U.S. Government Restriction on Pattern Pieces?

A blog reader sent in the following question:
I remember reading somewhere that the US government limited the number of pieces that could be made in any pattern. I believe I remember reading this was after the Victorian era because they created so many pieces. Is this true and if so what did they limit the number to?
No one in our group is aware of this. Can anyone out there help? Send an email or post a comment.


I read that aswell I think its 80 pieces per pattern. But its true.

Steven said...

I too have heard about the US Patent Office imposing a limit, some time in the early 1930's if I recall correctly. Patterns already with 100's of pieces in each pattern (like Stieff Rose and Gorham Chantilly) were grandfathered and allowed to maintain their large repertoire of pieces.

Anonymous said...

I believe Pres. Hoover did this symplification, and it related not to total number of pieces in a service but to number of pieces in a standard place setting. It's possible this was done at the request of the industry. There's a tremendous book on the welter of Victorian dining implements, including silver, china, etc. It's called "Savory Suppers and Fashionable Feasts," written by Susan Williams, who was at time of publication (about 1985) a curator at Strong Museum in Rochester, NY, which is heavy on Victoriana. She says the dining table of the middle class became a sort of altar....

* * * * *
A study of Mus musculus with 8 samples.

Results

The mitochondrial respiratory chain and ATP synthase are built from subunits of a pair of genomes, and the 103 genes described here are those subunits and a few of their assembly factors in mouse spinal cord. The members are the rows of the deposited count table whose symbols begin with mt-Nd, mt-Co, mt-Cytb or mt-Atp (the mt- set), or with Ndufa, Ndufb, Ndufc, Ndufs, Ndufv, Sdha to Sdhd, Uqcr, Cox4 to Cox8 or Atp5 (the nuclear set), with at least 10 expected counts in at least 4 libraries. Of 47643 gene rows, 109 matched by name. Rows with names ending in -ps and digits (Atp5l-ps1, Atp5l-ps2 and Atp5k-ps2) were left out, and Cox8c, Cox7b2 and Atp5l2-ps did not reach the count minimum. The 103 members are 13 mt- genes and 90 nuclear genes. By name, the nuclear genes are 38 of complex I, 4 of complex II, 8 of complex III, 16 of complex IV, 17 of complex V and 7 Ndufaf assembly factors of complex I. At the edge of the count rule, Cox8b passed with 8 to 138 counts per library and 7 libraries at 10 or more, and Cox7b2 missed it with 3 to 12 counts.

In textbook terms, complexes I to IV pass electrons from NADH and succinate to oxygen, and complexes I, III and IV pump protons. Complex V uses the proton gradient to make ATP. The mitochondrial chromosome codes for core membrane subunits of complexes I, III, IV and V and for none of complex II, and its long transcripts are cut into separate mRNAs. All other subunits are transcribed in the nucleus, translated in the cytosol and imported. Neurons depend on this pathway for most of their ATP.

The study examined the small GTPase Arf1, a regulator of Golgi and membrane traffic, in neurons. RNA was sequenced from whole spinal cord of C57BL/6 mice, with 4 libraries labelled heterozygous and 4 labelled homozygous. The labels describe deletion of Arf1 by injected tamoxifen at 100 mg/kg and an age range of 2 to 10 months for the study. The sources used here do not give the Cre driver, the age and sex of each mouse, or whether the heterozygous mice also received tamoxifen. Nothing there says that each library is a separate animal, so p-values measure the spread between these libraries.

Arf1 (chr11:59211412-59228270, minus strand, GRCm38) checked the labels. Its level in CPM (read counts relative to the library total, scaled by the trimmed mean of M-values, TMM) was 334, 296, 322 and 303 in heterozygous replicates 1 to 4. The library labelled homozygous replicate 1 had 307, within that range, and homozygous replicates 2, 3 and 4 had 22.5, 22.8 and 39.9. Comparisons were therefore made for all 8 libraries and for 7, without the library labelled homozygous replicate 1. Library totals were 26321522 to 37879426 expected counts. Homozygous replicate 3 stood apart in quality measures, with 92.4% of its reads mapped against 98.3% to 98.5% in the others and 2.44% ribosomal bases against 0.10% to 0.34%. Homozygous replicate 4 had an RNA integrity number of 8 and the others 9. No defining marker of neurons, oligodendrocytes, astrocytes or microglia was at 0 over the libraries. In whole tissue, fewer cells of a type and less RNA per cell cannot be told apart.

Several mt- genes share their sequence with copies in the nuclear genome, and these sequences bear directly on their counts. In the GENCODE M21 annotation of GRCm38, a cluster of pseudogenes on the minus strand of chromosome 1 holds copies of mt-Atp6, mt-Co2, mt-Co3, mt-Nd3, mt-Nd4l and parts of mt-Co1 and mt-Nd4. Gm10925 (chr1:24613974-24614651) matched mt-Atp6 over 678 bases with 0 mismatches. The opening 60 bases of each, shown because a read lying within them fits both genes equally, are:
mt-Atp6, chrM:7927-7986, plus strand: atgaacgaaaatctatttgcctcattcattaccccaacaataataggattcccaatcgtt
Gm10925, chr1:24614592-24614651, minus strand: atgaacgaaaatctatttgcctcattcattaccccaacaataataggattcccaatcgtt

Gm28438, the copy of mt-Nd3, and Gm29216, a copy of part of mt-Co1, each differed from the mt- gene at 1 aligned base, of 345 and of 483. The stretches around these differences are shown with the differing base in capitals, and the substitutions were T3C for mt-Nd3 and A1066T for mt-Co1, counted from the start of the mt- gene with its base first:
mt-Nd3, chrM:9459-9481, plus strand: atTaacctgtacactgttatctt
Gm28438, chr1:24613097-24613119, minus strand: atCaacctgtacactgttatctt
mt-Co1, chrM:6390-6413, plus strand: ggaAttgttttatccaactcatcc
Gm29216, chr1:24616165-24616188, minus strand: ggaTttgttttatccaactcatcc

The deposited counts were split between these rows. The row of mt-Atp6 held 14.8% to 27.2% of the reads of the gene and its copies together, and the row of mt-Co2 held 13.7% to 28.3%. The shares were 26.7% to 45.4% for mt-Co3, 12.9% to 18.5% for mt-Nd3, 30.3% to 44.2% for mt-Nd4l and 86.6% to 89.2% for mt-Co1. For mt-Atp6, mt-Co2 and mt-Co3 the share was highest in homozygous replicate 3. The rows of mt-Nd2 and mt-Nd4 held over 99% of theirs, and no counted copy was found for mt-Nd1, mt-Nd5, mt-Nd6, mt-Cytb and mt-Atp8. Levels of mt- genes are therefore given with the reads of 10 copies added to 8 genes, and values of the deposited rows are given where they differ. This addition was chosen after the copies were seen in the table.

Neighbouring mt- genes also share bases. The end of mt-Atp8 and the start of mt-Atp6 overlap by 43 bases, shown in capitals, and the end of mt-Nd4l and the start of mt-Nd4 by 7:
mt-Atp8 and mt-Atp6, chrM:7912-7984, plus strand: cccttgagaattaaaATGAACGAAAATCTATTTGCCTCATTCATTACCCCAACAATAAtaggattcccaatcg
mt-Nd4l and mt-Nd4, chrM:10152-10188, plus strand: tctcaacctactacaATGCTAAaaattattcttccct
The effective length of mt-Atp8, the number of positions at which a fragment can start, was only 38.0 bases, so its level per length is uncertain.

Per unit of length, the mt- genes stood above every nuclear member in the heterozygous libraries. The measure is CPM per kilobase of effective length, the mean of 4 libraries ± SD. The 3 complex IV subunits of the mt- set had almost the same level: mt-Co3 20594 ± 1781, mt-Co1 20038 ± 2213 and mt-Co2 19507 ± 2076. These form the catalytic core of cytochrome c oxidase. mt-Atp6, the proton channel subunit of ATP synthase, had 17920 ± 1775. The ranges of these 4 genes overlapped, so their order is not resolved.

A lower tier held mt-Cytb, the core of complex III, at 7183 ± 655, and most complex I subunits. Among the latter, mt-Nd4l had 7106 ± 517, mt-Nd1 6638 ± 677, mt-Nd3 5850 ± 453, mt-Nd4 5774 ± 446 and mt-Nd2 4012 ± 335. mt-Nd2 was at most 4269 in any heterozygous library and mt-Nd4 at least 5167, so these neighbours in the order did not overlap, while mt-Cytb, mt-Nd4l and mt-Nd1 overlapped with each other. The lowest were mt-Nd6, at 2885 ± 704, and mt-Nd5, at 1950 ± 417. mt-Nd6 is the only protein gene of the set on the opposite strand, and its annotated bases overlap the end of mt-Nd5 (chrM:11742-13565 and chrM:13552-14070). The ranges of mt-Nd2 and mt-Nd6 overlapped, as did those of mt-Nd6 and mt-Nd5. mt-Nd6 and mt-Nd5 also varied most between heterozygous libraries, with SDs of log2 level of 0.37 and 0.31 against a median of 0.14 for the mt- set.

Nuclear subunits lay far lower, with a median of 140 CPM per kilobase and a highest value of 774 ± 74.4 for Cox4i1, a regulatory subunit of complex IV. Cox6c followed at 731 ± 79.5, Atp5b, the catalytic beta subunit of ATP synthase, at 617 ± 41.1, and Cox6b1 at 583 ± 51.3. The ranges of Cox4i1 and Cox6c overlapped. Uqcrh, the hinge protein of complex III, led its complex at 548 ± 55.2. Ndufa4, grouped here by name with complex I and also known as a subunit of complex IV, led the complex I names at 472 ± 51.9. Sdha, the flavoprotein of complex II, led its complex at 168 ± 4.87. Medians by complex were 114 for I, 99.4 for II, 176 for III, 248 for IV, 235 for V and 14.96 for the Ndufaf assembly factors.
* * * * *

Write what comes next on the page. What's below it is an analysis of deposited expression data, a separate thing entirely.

Scott Perkins said...

In 1925, then Secretary of Commerce, Herbert Hoover tried to get the number of pieces in a flatware set restricted to 55. It is said that this was due to the high price/shortage of silver, and that the program had the backing of the Silver trade assoc.

The restriction did not hold.. but it was enough for the manufactures to greatly cut back on the multitude of different and obscure pieces of flatware that were being made. The onset of the great depression also helped flatten silver sales and production.

At the time of the attempted restriction.. that curator of American taste and etiquette, Emily Post stated "No rule of etiquette is of less importance than which fork we use."

Hoover was a great instigator of standardization including things like railroad tracks, screw and nail size.